Changing the blame game: consumer vs brand

With COP26 reinforcing the detrimental effects of climate change, mass engagement in sustainability is stronger than ever. To preserve an inhabitable climate, net zero must be achieved by 2050, businesses altering their operations accordingly is a contributor to this.

Within this article, I will discuss the importance of sustainability, transparency, and authenticity in shaping a brand’s purpose.

With a global reach of one and a half million, Grace Beverley is the CEO and Founder of two brands situated within direct to consumer (D2C) fitness. TALA is a sustainable activewear and athleisure brand and Shreddy is an app and community targeted at female fitness transformations, selling supplements and equipment.

Grace had a unique career path leading her to the successful position she is in now, running two businesses and surviving a pandemic. Having graduated from Oxford University in 2019, Grace has a massive following. This includes one million on Instagram and 571,000 YouTube subscribers, making her a hugely influential presence both on- and offline.

This means that a lot of Grace’s journey has involved learning on the job, as and when challenges occur. Initially, she didn’t class herself as an entrepreneur.

Since being named first in Forbes’ “30 under 30” retail and e-commerce list, Grace has been recognised as the 26th most influential online creator by The Sunday Times. She has gone on to achieve roaring success, releasing her own book in April 2021: Working Hard or Hardly Working, detailing how readers can achieve more whilst stressing less and feeling more fulfilled.

It is likely that Grace’s social media following contributed to the success of her businesses, but it is far from being the only reason for her success. TALA offer a response to the growing desire for sustainability within fashion, moving away from unconscious consumption.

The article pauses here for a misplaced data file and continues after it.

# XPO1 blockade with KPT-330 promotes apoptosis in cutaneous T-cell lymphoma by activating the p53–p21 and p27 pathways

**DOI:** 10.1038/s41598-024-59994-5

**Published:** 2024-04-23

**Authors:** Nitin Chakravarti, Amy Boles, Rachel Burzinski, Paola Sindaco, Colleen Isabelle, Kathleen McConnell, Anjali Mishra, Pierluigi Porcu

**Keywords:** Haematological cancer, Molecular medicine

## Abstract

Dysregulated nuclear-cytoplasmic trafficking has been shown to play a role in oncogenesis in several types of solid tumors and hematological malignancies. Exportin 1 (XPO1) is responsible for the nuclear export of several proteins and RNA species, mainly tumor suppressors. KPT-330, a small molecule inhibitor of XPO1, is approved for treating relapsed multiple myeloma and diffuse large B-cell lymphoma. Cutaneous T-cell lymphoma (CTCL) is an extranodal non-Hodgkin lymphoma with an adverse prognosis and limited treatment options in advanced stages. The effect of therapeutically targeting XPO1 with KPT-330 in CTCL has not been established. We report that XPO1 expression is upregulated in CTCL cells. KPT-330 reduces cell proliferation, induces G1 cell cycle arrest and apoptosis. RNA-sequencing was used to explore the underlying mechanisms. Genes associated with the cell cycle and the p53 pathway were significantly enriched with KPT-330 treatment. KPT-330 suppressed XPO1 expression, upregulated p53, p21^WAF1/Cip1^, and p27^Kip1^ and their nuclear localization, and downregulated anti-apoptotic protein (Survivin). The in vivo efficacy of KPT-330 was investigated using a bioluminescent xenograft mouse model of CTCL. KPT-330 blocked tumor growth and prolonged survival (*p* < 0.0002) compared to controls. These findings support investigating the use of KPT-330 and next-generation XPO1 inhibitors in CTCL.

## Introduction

TALA’s success may stem from the fact it fills a gap in the market, offering an alternative to fast-fashion and making a positive environmental impact. In its first year of trading, TALA saved over three million litres of water, with its products being made from 92% recycled materials.

There is a different expectation in the way that we incite change than before. The onus is not only on the brands, but consumers too. To operate sustainably, brands need to be purpose-driven rather than just having hygiene factors. Hygiene factors characterise the context or environment of a person’s work. Therefore, a business shouldn’t use sustainability merely as a hygiene factor, but instead, as a crucial opportunity for change.

The purpose of both Shreddy and TALA is to endorse sustainability, which came first before the business concept and idea. However, Grace stated that the brands are learning, daily, in terms of how to tick the required boxes to operate sustainably.

“To incite change, you need to make the decision a no brainer,” said Grace. This is reflected by the price point of TALA, ensuring consumers have access to a sustainable brand but without the usual price point, therefore encouraging the switch to sustainable fashion.

Grace explained that leading with purpose requires consideration. Of course, no business is perfect but it’s about being transparent to resonate with consumers.

To further this, despite being sustainable brands, both TALA and Shreddy participated in Black Friday sales this year. Grace’s reasoning for this was because the brands had identified certain elements of sales and discounts that can benefit sustainable brands and customers if delivered correctly.

“Often when things are over 30% off, we’re selling them at a loss to the business which we’d rather for them to go to a loving home, avoiding them going to landfill.

“We don’t produce for sales, so it never affects what we pay our workers. The important thing is knowing that the brands you’re shopping aren’t producing for sales or discounting crazy amounts to incite that wild overconsumption,” Grace said.

“Sustainable fashion is a bit of an oxymoron in itself so there’s no real right way to do it.”

Grace also stated that discounting items makes them more accessible, which for some people, might be the difference between deciding to shop sustainably, or not.

Sustainability isn’t a stamp you can apply to anything. Brands cannot simply claim to be operating in such a way without adapting their behaviours or purpose. Opening the conversation with consumers and offering transparency in an honest way is appreciated. Also, we cannot rely solely on brands making these changes to achieve the goals we want to by 2050. It takes change from both the consumer, and the brand to really insight change. Consumers must adapt the way they are shopping, steering away from unconscious consumption, and look for more sustainable alternatives.